A CONSERVATIVE PARTY member recently said he was fed up with the direction of various federal leadership candidates. He wants to lead a discussion about Canadian conservatism’s future and help create a new national party along these lines.
Who’s behind this initiative?
Let’s be frank. Most Canadians don’t have the foggiest idea who Gilmore is. He’s not a household name in Tory circles of interest – or most circles, for that matter.
He’s a former diplomat and social entrepreneur who founded a worthwhile charity, Building Markets. As noted in the Dec. 2, 2013, issue of Forbes, its mission has been to identify “local businesses in six developing countries, including Liberia,” and to help “them grow by linking them with global contracts and suppliers.”
Gilmore also writes a weekly column for Maclean’s magazine and contributes to the Boston Globe. His political views appear to mostly fall under the classification of Red Toryism or left-leaning conservatism, and he’s been fairly critical of Canada’s Conservatives and the U.S. Republican Party.
Gilmore even admitted in an Oct. 20, 2015, Maclean’s column that in spite of his family having “supported the Conservative party since they arrived in Canada,” he voted for Justin Trudeau. His wife, Catherine McKenna, also happens to be the federal Liberal minister of the Environment. While this isn’t a big deal (my wife isn’t a Tory and votes differently than I do), this fact has kept the chattering classes busy, rightly or wrongly.
Hence, his frustration with the Conservative leadership candidates isn’t a huge surprise and is becoming more intense.
In his March 29 Maclean’s column, he wrote that “I am left wondering how I ended up in a party seemingly dominated by xenophobic, economically illiterate, populist buffoons.” He also believes the party’s two competing philosophies – “one group is socially conservative and economically populist, and the other is focused on individual liberty and free markets” – have reached a point where they “cannot be reconciled.”
Claiming that only some Canadian conservatives are on the moral high ground will cause short-term frustration and long-term division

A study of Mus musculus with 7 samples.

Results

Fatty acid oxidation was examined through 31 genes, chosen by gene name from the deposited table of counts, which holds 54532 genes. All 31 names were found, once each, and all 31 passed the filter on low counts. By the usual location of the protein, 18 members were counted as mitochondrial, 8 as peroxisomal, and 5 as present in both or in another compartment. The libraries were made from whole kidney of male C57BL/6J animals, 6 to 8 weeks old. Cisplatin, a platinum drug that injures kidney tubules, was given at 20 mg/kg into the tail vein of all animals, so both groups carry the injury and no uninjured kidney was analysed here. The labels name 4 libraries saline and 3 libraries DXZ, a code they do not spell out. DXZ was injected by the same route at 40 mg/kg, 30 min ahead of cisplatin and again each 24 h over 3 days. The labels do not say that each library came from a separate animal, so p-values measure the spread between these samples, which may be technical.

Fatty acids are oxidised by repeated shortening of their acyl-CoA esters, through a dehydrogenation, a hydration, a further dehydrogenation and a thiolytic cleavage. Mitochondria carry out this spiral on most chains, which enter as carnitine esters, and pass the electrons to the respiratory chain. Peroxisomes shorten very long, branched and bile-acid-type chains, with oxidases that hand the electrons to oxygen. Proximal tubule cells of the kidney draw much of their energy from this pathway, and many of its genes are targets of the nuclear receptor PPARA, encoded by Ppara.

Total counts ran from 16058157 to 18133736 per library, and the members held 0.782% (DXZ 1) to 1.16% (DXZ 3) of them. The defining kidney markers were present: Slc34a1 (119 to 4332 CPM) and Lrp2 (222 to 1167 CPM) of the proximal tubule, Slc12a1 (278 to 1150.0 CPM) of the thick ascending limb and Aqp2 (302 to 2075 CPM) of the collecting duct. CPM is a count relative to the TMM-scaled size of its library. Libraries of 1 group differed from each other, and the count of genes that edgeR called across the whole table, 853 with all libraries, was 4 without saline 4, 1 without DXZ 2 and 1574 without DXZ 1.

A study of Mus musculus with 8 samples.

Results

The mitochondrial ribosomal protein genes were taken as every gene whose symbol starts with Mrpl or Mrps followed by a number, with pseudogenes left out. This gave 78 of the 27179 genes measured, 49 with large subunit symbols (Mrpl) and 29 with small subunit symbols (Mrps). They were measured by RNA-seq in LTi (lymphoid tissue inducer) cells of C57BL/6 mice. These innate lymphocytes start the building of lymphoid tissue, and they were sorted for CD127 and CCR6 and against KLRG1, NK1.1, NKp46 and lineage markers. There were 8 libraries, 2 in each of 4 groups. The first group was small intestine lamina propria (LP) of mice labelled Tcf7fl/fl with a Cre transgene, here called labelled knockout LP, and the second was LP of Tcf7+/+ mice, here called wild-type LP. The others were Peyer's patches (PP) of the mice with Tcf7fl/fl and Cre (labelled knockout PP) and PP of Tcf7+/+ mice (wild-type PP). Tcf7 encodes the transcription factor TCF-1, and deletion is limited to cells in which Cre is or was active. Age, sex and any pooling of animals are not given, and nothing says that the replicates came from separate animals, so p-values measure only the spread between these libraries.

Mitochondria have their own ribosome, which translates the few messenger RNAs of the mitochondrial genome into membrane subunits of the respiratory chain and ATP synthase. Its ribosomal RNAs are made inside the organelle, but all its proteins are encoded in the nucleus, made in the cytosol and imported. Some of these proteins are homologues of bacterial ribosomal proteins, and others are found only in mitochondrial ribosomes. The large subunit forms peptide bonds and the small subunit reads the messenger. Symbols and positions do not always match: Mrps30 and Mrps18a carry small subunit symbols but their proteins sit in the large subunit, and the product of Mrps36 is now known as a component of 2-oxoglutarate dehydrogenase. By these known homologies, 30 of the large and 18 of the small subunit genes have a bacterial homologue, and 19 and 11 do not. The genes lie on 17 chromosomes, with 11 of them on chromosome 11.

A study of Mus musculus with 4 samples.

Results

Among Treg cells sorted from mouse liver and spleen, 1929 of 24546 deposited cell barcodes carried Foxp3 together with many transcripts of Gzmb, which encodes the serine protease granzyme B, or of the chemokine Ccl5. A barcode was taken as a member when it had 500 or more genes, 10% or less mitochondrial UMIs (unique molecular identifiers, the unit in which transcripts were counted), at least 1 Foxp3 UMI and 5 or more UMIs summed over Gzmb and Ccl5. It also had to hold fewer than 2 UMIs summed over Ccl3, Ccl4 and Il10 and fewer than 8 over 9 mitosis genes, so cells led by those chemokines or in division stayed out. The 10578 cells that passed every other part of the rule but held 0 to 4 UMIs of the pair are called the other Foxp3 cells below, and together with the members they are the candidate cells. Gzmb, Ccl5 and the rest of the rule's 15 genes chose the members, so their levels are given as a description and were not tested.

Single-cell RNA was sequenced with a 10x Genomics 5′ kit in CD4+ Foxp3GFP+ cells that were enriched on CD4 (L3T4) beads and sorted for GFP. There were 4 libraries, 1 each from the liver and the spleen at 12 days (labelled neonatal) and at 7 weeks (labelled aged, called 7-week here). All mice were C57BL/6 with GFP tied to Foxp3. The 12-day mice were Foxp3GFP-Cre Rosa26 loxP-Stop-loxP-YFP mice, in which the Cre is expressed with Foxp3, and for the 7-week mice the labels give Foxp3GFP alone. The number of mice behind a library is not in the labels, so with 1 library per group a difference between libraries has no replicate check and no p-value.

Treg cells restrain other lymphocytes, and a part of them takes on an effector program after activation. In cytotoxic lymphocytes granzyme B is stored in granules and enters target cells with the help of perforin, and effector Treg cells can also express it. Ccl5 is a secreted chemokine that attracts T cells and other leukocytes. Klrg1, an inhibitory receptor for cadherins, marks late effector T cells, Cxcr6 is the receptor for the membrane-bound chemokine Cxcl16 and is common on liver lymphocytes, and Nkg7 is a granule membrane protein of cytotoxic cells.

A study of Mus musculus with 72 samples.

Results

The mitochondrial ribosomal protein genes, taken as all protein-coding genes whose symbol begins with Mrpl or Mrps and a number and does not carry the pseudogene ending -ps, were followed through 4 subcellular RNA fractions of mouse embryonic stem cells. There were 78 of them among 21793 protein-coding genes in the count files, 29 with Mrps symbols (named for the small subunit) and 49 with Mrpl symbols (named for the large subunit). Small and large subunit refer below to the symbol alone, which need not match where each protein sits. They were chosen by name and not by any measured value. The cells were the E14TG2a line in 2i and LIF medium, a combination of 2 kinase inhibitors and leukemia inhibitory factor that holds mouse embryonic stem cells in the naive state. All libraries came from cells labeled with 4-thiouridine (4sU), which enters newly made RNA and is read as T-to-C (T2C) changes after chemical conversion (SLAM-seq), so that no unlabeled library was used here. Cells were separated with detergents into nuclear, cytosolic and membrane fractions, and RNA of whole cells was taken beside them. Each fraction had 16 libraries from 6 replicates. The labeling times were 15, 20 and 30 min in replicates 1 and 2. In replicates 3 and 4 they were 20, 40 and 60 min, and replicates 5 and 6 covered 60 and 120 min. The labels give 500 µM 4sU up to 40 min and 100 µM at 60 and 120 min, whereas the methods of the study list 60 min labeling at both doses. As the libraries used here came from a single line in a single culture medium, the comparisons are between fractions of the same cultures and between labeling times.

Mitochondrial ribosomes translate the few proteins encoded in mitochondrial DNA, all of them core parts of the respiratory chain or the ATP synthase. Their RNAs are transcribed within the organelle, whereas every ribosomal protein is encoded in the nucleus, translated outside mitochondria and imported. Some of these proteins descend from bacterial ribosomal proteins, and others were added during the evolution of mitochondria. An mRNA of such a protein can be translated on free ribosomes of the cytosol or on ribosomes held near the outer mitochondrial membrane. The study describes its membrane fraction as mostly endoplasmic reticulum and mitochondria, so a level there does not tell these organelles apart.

Gilmore’s suggested route? There could be a “populist, nationalist, socially conservative party that focuses on older, rural, white, male, voters” for people like “(Kevin) O’Leary and (Maxime) Bernier and Pierre Lemieux and Ezra Levant.” Meanwhile, the rest of Canada’s conservative movement could help build “a right of centre party that genuinely believes in individual liberty, that the state has no right to tell us who we can love, what we can smoke or what we can say.”
The Hill Times reported on April 12 that Gilmore will host dinners in eight cities between April 24 and May 8 to discuss this idea, and “Maclean’s will be covering some of Mr. Gilmore’s costs for the tour.” He’s also set up a website, newconservatives.ca, and 1,500 people have expressed interest in attending.
I won’t be one of them and I strongly doubt most Tories will support this one-man crusade.
You see, we’ve been down this path before. The federal Progressive Conservatives and Reform Party/Canadian Alliance spent 17 long years in the political wilderness due to party infighting and policy differences. While some of these wounds still exist, most Canadian conservatives have no interest in splitting apart – and handing more elections to the Liberals on a silver platter.
Whether that’s the end game, there’s a much bigger issue at stake.
Any attempt to divide Canadian conservatism into warring factions isn’t even slightly worthy of intellectual debate. People don’t always see eye-to-eye with political parties, philosophies or leaders, and that’s perfectly fine. But to use a type of a divide-and-conquer strategy, and claim that only some Canadian conservatives stand on the moral high ground, will surely cause short-term frustration and long-term division(s).
Gilmore’s dinners, therefore, aren’t constructive – but they are potentially destructive. This will hurt the political movement, aid its political rivals and accomplish nothing.
Thanks, but no thanks.
Political commentator Michael Taube was a speechwriter for former prime minister Stephen Harper.